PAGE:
2023 Awards Winner’s Spotlight: Best Practice Small-Scale Nature Conservation

Shanakyle Bog Restoration and Habitat Enhancement Project EIP

Shanakyle Bog Restoration Group


  • rewetting and restoration work of 30 acres of raised bog habitat;
  • management of 10 acres of grassland for wildflower meadow creation;
  • creation of a wildlife pond and stone hibernaculum for smooth newt;
  • installation of over 30 bird nest boxes for endangered and threatened species for specialist groups (including red and amber listed bird species of conservation concern);
  • installation of over 20 bat roost boxes on mature oak treelines and bog woodland;
  • removal of problematic invasive species;
  • installing wildlife signage and creation of a nature trail.

The work commenced in August 2021 and was completed in September 2022.

The restoration and rewetting of degraded peatland habitats has the primary objective of creating favourable baseline conditions for the establishment of Sphagnum mosses (peat forming mosses); and the recovery of the EU Annex I habitat ‘active raised bog (7110)’. Currently, there is <1% of active raised bog remaining in Ireland due to threats and pressures associated with peat extraction and drainage and the national conservation status of the habitat is assessed as ‘bad’. Rewetting work involved installing a network of peat dams, peat bunds and overflow pipes for Sphagnum development. The project has added significance due to the limited geographic range of active raised bog in the west of Ireland and County Clare in particular. Monitoring data of permanent quadrats was carried out to assess Sphagnum recovery (peat forming mosses) of rewetted bog pools with regenerating peat forming mosses confirmed almost one year post-restoration.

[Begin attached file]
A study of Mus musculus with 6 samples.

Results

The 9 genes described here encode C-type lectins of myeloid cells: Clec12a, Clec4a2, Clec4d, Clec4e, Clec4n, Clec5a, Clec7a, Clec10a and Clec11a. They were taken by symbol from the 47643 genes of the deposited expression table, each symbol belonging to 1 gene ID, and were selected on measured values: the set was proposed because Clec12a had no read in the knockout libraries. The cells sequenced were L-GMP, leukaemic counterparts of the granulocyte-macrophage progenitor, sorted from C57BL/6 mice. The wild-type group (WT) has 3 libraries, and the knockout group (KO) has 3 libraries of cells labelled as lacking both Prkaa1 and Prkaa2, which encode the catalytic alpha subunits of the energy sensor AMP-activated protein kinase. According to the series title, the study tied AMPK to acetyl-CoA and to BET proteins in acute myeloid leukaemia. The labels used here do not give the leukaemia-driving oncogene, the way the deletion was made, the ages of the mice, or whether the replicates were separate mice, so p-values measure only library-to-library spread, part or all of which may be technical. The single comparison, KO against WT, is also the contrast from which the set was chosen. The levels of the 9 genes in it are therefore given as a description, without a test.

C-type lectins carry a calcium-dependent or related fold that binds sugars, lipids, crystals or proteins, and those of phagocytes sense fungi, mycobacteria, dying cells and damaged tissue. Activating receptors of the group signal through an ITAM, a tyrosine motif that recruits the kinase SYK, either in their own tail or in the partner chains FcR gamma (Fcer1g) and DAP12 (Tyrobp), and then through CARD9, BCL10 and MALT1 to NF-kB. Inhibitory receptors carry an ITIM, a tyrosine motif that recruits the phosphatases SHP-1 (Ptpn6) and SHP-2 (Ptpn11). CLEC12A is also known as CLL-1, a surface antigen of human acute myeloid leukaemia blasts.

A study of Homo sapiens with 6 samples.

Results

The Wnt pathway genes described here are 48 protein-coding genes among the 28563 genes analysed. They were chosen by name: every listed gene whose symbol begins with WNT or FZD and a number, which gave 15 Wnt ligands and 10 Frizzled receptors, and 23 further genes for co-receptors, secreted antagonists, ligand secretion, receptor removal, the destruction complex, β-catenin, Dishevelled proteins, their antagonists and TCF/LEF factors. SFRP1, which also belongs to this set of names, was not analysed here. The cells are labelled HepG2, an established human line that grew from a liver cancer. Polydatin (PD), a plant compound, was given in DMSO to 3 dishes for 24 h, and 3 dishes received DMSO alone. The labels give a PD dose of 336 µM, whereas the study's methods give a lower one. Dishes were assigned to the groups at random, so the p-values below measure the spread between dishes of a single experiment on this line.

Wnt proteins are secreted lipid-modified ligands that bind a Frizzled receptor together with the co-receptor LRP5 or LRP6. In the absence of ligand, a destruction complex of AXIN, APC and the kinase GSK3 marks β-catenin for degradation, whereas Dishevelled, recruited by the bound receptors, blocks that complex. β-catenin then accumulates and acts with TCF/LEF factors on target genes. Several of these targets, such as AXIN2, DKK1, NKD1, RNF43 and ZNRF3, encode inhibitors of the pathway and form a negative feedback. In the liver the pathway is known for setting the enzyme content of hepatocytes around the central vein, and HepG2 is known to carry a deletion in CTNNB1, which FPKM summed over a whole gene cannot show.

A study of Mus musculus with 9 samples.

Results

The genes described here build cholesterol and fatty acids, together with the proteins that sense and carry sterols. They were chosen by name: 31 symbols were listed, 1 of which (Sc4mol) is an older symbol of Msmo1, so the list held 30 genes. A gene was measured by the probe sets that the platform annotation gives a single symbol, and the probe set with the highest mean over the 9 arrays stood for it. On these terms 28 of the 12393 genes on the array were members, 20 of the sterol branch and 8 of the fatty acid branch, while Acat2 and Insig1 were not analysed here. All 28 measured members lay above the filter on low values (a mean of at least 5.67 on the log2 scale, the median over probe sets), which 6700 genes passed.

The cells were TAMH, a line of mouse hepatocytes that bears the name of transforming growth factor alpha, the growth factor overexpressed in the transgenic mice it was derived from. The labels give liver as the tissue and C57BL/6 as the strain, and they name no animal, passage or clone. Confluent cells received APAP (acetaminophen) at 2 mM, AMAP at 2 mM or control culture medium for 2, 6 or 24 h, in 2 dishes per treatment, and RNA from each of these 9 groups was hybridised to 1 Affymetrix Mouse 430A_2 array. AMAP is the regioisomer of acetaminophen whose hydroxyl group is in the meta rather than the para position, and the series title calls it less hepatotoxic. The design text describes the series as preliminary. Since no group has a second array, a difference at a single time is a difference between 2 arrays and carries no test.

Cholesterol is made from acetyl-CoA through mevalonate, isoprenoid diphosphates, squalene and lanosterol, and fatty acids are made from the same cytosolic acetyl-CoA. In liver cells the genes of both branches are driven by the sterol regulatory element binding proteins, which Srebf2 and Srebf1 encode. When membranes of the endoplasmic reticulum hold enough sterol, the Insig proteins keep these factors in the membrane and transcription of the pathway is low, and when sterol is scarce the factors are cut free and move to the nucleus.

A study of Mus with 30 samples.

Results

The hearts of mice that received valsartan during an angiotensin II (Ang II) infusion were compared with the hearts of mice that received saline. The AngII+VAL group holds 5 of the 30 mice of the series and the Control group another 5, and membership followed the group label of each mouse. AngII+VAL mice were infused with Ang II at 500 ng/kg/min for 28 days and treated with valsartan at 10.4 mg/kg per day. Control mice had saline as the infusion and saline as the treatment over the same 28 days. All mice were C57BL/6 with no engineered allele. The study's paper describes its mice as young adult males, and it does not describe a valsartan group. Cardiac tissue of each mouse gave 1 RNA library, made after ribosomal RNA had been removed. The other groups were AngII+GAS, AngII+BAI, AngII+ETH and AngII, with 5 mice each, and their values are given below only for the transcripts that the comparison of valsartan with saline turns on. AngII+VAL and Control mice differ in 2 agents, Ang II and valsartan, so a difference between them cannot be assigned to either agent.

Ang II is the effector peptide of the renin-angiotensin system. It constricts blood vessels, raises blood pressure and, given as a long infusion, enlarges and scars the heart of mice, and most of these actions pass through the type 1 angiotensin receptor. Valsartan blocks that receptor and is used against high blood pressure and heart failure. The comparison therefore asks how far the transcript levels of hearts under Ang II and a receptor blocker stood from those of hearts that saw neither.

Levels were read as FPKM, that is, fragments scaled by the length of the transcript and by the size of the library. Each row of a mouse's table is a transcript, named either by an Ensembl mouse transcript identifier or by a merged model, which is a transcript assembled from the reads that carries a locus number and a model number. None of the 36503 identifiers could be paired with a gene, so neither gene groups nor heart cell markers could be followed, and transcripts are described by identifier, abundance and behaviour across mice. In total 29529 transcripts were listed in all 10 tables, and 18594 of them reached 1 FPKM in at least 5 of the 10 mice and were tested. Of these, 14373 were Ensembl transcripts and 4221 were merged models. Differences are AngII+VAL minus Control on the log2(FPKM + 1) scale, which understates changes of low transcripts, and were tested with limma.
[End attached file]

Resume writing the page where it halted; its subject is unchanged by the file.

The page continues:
A wildlife pond and stone hibernaculum were constructed to provide a wildlife refuge for amphibians, damselflies, dragonflies and wetland plants; and now supports marginal wetland vegetation (Typha latifolia and Glyceria fluitans) and several species of invertebrates including pond skaters and damselflies. The installation of over 30 bird next boxes and over 20 bat roost boxes for specialist species has served as a biodiversity enhancement feature for birds of conservation concern and five species of bat confirmed onsite. The project site currently supports five red listed bird species of conservation concern in Ireland (snipe, meadow pipit, kestrel, barn owl and woodcock).

One of the main benefits of restoring and rewetting 30 acres (12 ha) of raised and cutover bog is managing the peatland habitats as a carbon sink and to restore the bog hydrology and hydrochemistry to function as active raised bog habitat once more; and to enhance the peatland ecosystem for specialised groups including recyclers, decomposers and xeromorphic plants. The restoration of peatland habitats has also provided a range of ecosystem services such as improving water quality of surrounding watercourses by blocking drains and intercepting silt run-off from open drains; water retention to alleviate flooding in the sub-catchment (on a local scale) by reducing stormwater run-off from the bog and increase water retention; a wildlife refuge and to provide an education resource for third level institutions and local interest groups. In addition to providing a wildlife refuge, the project is having knock on positive effects for threatened and endangered bird species of conservation concern. The successful eradication of Rhododendron has removed threats and pressures that could otherwise disrupt natural processes and functions of healthy peatland ecosystems.

This is the first raised bog restoration project to be carried out in County Clare and one of only a handful of peatland restoration projects to be carried out on privately owned lands in Ireland. Thirty acres of degraded raised bog is now actively transitioning to peat forming ‘active raised bog’. This is a flagship project which has set a precedent for nature conservation in County Clare and nearby County Limerick. In delivering this project Shanakyle Bog Restoration Group has partnered with the Irish Wildlife Trust, National Parks and Wildlife Service, BirdWatch Ireland, Irish Farmers Association; University of Limerick and Limerick School of Art and Design.